The rapid proliferation of digital fabrication tools, twinned with the sharing power of the web has led to a new era of design and making, built on principles of accessibility and inclusivity. As the barrier to entry traditionally imposed on these domains is reduced they become more accessible. Its signifies the fall of the professional, and the rise of the amateur.

The digitisation of design through CAD has given way to a sharing and distribution process much like that seen in software. Design files can be shared as software, before being interpreted by the appropriate digital fabrication tool and manufactured. As this happens, Open Source principles are transitioning into the realm of design, disrupting accepted conventions, giving rise to community orientated design systems.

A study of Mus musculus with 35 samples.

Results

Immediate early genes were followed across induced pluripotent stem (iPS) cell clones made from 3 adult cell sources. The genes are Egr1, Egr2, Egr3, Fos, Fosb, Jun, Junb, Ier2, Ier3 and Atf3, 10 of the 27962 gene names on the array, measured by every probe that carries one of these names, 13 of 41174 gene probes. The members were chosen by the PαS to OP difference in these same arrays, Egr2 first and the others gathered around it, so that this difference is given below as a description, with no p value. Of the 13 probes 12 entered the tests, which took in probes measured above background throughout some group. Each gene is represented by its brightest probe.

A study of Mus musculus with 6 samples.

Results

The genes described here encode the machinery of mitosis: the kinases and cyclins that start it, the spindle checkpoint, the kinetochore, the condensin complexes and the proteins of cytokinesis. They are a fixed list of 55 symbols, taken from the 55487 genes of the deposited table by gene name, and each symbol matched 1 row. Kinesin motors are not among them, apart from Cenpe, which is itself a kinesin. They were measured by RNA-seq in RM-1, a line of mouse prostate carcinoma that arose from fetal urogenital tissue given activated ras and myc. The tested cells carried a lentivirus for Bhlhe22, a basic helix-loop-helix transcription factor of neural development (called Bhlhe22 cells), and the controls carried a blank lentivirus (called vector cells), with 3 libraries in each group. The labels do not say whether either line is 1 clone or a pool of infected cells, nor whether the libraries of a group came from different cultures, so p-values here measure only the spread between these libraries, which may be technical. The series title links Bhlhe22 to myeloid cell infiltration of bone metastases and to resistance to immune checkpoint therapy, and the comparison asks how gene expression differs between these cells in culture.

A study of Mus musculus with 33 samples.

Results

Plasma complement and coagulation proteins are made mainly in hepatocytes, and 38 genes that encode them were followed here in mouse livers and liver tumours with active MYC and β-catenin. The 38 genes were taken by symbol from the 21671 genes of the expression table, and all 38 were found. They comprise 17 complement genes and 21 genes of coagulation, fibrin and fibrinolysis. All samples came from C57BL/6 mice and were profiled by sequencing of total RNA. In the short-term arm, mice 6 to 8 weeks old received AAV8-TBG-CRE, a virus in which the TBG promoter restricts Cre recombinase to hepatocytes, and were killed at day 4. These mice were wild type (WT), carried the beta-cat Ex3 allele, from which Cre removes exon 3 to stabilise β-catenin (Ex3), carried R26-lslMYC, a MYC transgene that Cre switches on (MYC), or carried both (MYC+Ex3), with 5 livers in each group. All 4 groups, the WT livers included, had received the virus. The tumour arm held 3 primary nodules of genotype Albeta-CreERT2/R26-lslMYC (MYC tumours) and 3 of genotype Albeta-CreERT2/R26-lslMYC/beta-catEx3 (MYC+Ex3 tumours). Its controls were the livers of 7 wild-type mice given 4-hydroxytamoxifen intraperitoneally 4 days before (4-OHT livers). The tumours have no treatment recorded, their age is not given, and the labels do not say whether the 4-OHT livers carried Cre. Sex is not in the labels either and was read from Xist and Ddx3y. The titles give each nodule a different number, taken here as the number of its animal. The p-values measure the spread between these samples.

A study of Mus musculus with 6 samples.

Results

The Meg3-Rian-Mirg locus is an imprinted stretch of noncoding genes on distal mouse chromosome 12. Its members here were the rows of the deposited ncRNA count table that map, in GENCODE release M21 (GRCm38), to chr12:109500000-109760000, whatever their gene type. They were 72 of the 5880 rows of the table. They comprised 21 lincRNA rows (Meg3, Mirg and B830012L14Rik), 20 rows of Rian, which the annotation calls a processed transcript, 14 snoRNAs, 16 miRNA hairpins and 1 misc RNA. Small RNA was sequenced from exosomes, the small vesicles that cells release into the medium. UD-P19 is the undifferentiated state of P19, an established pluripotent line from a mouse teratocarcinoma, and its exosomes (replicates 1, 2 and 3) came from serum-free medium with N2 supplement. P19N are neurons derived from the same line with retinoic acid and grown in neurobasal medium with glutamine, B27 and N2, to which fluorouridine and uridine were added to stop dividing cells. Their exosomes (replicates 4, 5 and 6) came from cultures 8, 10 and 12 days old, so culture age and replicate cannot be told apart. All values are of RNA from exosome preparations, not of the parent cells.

Open Tools is a platform for the sharing of making tools, mechanisms and contraptions designed to carry out a particular task or function. Anyone can publish their ‘open tool’ with file downloads, instruction guides, photos and videos. A peer to peer rating system allows users to build a picture of trusted content. All hosted ‘tools’ are designed to be manufactured via CNC milling (the cutting of sheet material by a computer controlled drill) or 3D printing. Such machines are common across FabLabs, TechShops and other independent maker spaces, allowing members total freedom to produce anything found on the Open Tools platform.

The first Open Source ‘tools’ to be hosted include a CNC milled wood lathe, work bench and disc sander all created by Josh Worley.